Large, global insurers are taking on the processes of core system replacement, portfolio rationalization, and infrastructure consolidation. Simplification of the application landscape has forced many insurers to come to terms with the challenges posed by their core legacy systems, according to a new report, “Simplifying the Insurance Application Landscape” from Celent, a Boston-based financial research and consulting firm.
Key findings of the report include:
• There is a general trend of application portfolio rationalization among large Tier 1 insurers. There are two approaches to portfolio rationalization. The first option is to make the process of rationalization a project in its own right. The alternative approach, and by far the more common, is to plan a gradual evolution towards a consolidated landscape.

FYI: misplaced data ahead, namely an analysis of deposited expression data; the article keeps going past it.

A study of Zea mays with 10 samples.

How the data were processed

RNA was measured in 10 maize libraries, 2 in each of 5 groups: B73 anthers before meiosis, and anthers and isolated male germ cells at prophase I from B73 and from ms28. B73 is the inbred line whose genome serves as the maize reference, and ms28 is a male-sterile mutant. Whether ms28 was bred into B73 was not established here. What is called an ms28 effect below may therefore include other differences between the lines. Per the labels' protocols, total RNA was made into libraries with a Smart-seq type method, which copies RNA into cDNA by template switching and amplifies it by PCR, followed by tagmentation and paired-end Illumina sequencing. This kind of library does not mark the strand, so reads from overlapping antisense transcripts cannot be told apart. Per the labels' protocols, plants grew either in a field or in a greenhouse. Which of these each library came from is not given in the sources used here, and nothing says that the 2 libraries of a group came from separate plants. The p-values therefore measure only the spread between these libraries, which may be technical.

• Most insurers have a guiding principle of reusing internal assets before buying new. In the US, buy before build is the primary principle. However, European insurers are more likely to consider building a solution, usually in partnership with a vendor. This build approach typically starts with the vendors’ framework, which is then significantly enhanced for that insurer.
• Unhampered by long tail business, general insurers are more likely to rationalize to a single core solution for each region. If the insurer has a speciality line of business, such as excess and surplus lines, this business would be on a separate system.
• Life insurers are converging to two to three core systems, supporting individual and group insurance products. These are duplicated by regions. There is an acceptance that a single “super-application” is not possible or advisable.
• While flexibility is a core requirement for the future IT, cost is the most common quantifiable justification for simplifying and consolidating application portfolios. Insurers spend between 50% and 70% of their IT budgets on maintenance alone. Insurers that consolidated reported double-digit reductions in IT costs.